Sunday, May 3, 2015

Medicare's Costs: Current Law vs. Looming Reality

So, how bad is it?
While HHS Secretary Sebelius' Affordable Care Act nostrums help the Obama Administration's muddling of policy and election year politics, CMS Chief Actuary Richard Foster has stepped forward (see page 277) with some blunt language about Medicare's solvency.  As the Disease Management Care Blog understands it, official projections on just when the money runs out are based on current law. 

That's the rub:  

"While the Part B projections.... are reasonable in their portrayal of future costs under current law, they are not reasonable as an indication of actual future costs. Current law would require a physician fee reduction of an estimated 30.9 percent on January 1, 2015—an implausible expectation."

"[W]hile the Affordable Care Act makes important changes..., there is a strong likelihood that certain of these changes will not be viable in the long range. Specifically, the [anticipated] annual price updates for most categories of non-physician health services will be adjusted downward each year by the growth in economy-wide productivity. The best available evidence indicates that most health care providers cannot improve their productivity to this degree—or even approach such a level—as a result of the labor-intensive nature of these services."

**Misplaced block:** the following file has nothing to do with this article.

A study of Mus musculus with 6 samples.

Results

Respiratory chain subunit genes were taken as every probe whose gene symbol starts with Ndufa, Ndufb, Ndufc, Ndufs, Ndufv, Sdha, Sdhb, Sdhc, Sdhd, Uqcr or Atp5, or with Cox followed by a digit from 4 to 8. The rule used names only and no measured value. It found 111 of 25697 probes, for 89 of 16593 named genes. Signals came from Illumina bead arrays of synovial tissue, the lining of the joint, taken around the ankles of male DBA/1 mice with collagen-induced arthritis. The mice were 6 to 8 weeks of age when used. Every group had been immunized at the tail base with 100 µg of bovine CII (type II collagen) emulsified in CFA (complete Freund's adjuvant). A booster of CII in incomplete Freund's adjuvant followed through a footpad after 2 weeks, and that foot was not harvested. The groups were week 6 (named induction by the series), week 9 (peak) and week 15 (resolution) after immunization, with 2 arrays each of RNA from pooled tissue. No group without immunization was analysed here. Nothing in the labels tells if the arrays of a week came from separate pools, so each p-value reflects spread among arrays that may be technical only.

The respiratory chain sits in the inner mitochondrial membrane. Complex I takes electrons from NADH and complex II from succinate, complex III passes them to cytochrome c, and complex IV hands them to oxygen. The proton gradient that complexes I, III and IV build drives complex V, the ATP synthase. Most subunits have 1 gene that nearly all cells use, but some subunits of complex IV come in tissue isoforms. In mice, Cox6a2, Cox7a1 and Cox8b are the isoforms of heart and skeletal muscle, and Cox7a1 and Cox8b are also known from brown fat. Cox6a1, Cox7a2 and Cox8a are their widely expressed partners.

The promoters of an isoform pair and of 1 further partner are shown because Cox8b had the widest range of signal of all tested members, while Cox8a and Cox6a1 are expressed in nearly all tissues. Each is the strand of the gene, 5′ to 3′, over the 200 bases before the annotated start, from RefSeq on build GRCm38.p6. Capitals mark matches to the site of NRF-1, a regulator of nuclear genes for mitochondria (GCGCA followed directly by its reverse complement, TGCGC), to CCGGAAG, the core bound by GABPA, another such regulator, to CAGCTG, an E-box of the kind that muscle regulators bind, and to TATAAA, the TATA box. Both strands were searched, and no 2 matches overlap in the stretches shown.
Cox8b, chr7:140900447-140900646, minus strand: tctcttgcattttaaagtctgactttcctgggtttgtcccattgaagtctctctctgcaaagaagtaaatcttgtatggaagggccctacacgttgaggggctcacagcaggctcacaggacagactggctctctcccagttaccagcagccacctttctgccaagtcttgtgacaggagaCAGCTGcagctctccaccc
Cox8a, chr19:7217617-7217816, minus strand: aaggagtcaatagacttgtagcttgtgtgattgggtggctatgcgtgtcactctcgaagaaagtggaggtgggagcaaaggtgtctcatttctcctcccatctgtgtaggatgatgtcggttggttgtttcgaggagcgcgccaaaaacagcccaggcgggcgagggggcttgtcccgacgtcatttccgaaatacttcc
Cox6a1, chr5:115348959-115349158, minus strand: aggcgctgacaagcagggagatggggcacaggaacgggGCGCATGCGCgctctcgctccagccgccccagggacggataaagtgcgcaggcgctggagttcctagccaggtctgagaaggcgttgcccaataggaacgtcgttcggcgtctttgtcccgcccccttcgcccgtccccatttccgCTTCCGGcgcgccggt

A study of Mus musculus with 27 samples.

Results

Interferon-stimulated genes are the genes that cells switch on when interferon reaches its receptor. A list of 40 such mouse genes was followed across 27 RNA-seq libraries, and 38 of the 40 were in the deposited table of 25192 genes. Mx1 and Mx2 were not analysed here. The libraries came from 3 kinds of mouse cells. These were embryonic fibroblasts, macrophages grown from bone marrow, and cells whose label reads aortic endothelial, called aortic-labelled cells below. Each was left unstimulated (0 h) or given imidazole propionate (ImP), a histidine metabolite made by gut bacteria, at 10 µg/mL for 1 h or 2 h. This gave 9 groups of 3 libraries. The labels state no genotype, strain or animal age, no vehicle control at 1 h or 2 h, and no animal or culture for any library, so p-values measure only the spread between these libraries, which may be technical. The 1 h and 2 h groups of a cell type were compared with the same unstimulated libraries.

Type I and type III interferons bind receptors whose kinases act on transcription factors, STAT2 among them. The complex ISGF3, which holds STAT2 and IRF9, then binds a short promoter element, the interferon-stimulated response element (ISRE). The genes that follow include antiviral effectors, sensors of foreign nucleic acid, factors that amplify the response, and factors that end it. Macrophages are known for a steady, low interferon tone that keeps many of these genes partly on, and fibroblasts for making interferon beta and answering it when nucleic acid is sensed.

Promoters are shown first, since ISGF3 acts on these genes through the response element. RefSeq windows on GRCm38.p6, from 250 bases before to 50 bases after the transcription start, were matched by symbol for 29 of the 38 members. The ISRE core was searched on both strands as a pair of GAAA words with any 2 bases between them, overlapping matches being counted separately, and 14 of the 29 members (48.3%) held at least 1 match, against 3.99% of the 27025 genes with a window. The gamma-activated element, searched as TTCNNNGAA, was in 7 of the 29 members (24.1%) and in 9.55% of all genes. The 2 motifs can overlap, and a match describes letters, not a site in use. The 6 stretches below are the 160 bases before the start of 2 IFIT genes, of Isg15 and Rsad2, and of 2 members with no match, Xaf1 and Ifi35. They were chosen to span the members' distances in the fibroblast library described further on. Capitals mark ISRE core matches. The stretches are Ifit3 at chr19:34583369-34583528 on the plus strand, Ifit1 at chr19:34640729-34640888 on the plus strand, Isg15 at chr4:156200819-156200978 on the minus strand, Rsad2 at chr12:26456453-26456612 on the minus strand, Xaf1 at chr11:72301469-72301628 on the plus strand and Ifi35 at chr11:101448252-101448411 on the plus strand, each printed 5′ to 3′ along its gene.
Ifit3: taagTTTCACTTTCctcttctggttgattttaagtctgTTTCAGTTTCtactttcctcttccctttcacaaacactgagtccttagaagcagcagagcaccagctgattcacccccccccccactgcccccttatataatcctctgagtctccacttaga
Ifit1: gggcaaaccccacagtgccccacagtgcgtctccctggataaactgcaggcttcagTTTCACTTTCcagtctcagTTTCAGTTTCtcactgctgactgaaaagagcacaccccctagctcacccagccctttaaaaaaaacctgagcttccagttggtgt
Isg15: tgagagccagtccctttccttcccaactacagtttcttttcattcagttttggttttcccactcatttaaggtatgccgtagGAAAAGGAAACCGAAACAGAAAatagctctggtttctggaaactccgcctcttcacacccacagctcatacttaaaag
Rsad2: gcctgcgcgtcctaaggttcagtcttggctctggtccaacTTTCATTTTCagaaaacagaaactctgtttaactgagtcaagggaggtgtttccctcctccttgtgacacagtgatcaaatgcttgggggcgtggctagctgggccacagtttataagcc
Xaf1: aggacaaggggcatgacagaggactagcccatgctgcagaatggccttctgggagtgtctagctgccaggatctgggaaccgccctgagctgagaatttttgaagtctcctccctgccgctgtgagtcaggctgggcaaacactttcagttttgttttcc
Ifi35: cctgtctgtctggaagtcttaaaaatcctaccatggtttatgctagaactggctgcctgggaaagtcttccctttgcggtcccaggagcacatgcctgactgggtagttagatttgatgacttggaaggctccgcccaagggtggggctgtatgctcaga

"Without unprecedented changes in health care delivery systems and payment mechanisms, the prices paid by Medicare for health services are very likely to fall increasingly short of the costs of providing these services. By the end of the long-range projection period, Medicare prices for ... many services would be less than half of their level under the prior law. Medicare prices would be considerably below the current relative level of Medicaid prices, which have already led to access problems.... Well before that point, Congress would have to intervene to prevent the withdrawal of providers from the Medicare market.... "

"Finally, the economic outlook remains more uncertain than usual. Due to the sensitivity of HI trust fund operations to wage increases and unemployment, the current slow recovery from the recent recession adds a significant further element of uncertainty to the trust fund projections."